February 21, 2014 by Kira Lyn Blue
I was thinking recently about some of my favorite books and why those books were so much better than others and I realized that in many cases the authors have nailed the art of infusing confirmation bias into their characters.
What is Confirmation Bias?
“Confirmation bias (also called confirmatory bias or myside bias) is the tendency of people to favor information that confirms their beliefs or hypotheses. People display this bias when they gather or remember information selectively, or when they interpret it in a biased way.” – Wikipedia
While the phrase “confirmation bias” is typically applied to sociopolitical debates, it is applicable many more places and I believe is a great tool for increasing conflict and tension in writing.
For example, take One Flew Over the Cuckoo’s Nest by Ken Kesey. In this novel, Kesey strives to point out that once a person has been labeled as Crazy, then that person’s actions are interpreted by others as confirming their craziness and, worse, drawing reactive responses more severe than what they would be for a “sane” person.
In the case of this book, confirmation bias drives the plot, tension, and conflict of the book. The focus here is specifically on how labeling people creates filters that we view other people through that may cause us to misinterpret their actions and misunderstand them.
The same theory can be used in many other character interactions to create real tension and conflict between characters. To take a clichéd example from romance, consider the plot where the playboy finally loses his heart to a woman who wants nothing to do with him because he’s a playboy. The author can drag the sexual tension out for-frickin-ever because anything sweet or romantic the guy tries to do to prove himself to the girl only confirms her belief that he’s just desperate to have her as a conquest.
How writers use Confirmation Bias to create conflict and tension
Continuing with the Playboy-Wants-To-Settle-down example, I can also say I’ve seen instances where the author failed to make the tension believable. You know it’s not working when you’re rolling your eyes at the female lead’s continued resistance to his charms and wanting to pull your hair out because she’s clearly just an idiot. So, where did the author go wrong?
When confirmation bias falls flat in a novel, it’s usually because of at least one of two things:
1. The CBC (Confirmation Biased Character) isn’t biased enough.
In other words, if we’re going to make a CBC we need to make sure their thoughts, dialogue, and actions all reflect their bias. We can use the biased filters through which the character views the world to ensure that, at that moment, the reader is viewing it the exact same way. If we give the reader any hint that there could be an alternative way to interpret a situation, our CBC’s opinions lose credibility fast and then we’ve lost the reader.
In the case of the Playboy-Wants-To-Settle-down example, I can’t tell you how many romance novels I’ve read where the author kills the sexual tension very early by having the woman start to wonder if maybe, just maybe he could be serious this time. I’ve seen authors do it in the first couple of chapters and it makes me want to scream, “No! Just no, you killed a prime source of tension waayyyy too early!” The minute a character has the thought that is counter to their confirmation bias is a turning point in a novel and should be carefully planned.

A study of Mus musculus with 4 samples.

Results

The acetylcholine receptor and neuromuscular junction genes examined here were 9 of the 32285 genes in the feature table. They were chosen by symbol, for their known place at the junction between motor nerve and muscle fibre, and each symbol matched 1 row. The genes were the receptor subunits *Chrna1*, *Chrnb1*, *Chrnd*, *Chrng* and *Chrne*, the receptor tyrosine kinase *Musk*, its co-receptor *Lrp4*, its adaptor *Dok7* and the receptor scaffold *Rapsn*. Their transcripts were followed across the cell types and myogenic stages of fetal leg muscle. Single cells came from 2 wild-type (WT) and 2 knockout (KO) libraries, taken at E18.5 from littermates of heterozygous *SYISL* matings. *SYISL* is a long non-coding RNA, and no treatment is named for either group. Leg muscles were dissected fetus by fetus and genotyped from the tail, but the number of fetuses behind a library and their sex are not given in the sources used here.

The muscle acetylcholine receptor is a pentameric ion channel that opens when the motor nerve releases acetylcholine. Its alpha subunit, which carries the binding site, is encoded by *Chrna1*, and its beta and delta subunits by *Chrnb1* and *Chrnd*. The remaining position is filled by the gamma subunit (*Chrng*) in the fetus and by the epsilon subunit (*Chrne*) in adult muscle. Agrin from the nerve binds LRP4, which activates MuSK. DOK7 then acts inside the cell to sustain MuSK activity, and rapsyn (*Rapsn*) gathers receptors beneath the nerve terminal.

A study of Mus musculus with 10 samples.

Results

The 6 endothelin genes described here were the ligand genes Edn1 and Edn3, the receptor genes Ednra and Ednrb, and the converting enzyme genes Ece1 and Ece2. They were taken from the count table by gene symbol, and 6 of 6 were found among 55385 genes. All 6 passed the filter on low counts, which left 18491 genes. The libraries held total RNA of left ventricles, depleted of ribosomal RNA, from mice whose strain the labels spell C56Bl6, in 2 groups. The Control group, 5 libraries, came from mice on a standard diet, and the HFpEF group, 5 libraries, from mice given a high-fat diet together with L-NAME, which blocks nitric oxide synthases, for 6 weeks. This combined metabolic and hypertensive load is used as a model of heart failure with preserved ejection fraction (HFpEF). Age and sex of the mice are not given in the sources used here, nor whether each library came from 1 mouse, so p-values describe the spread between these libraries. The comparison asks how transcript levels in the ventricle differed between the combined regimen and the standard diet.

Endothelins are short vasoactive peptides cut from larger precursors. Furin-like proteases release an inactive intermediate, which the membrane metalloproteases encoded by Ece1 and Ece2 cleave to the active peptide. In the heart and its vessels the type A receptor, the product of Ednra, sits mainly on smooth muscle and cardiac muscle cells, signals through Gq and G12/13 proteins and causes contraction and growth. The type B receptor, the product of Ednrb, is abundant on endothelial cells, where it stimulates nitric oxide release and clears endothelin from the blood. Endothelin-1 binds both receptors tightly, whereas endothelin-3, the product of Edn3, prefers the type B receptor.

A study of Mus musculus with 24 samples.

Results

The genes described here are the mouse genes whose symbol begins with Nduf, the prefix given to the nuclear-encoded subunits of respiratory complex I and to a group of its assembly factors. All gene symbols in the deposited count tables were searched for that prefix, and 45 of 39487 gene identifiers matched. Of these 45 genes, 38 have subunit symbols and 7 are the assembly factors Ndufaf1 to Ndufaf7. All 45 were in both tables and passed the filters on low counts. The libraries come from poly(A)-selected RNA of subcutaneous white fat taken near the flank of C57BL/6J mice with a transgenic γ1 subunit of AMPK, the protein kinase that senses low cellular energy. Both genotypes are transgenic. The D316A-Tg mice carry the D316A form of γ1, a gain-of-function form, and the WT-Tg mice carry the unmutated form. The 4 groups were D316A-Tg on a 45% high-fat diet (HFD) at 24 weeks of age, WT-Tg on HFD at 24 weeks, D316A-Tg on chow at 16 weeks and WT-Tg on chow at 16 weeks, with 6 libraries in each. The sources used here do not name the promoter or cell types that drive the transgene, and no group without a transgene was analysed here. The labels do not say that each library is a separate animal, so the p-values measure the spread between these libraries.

And yes, the concept applies outside of romance. Consider that what the woman in our example is ultimately struggling with is if she can really trust the man with her heart. It’s about trust which is a key component in any relationship. So you could apply the same principle to, say, a Police Chief who really wants to trust one of his detectives but the detective has been a bit off since his last partner was killed. Now every time the detective makes a call the Police Chief would not have, the Police Chief believes it’s because the detective is emotionally compromised and may not accept any evidence or reasoning to support the decision the detective made.
2. The author fails to provide things for CBC to misinterpret.
If we’re going to use a CBC to provide conflict and tension, we need to make the most of it. This means we have to throw a scene in where the OCB (Object of Confirmation Bias) does something that is going to look really, really bad to the CBC when they view it through their bias-colored glasses.
To up the stakes, we can throw this scene in right at the point where the CBC is starting to doubt their initial impressions of the OBC so that all forward progress is lost and sends the CBC reeling emotionally. If we do it right, our readers will be reeling too, and isn’t that the goal?
If we’re feeling really wicked, we can then have the CBC react to this event by doing something rash or retaliatory which only adds more conflict and may even cause the OBC to begin doubting the CBC because their trust was breached.
I’m sure there’s even more that could be done with confirmation bias for those of you with particularly devious minds. I’d encourage everyone to research further into the psychology of Confirmation Bias to stock your writing toolkit with some really heavy-hitting conflict creation techniques.
Next up: Leveraging the Primacy Effect!
Got any great examples of how writers use confirmation bias to drive conflict and tension? Share below!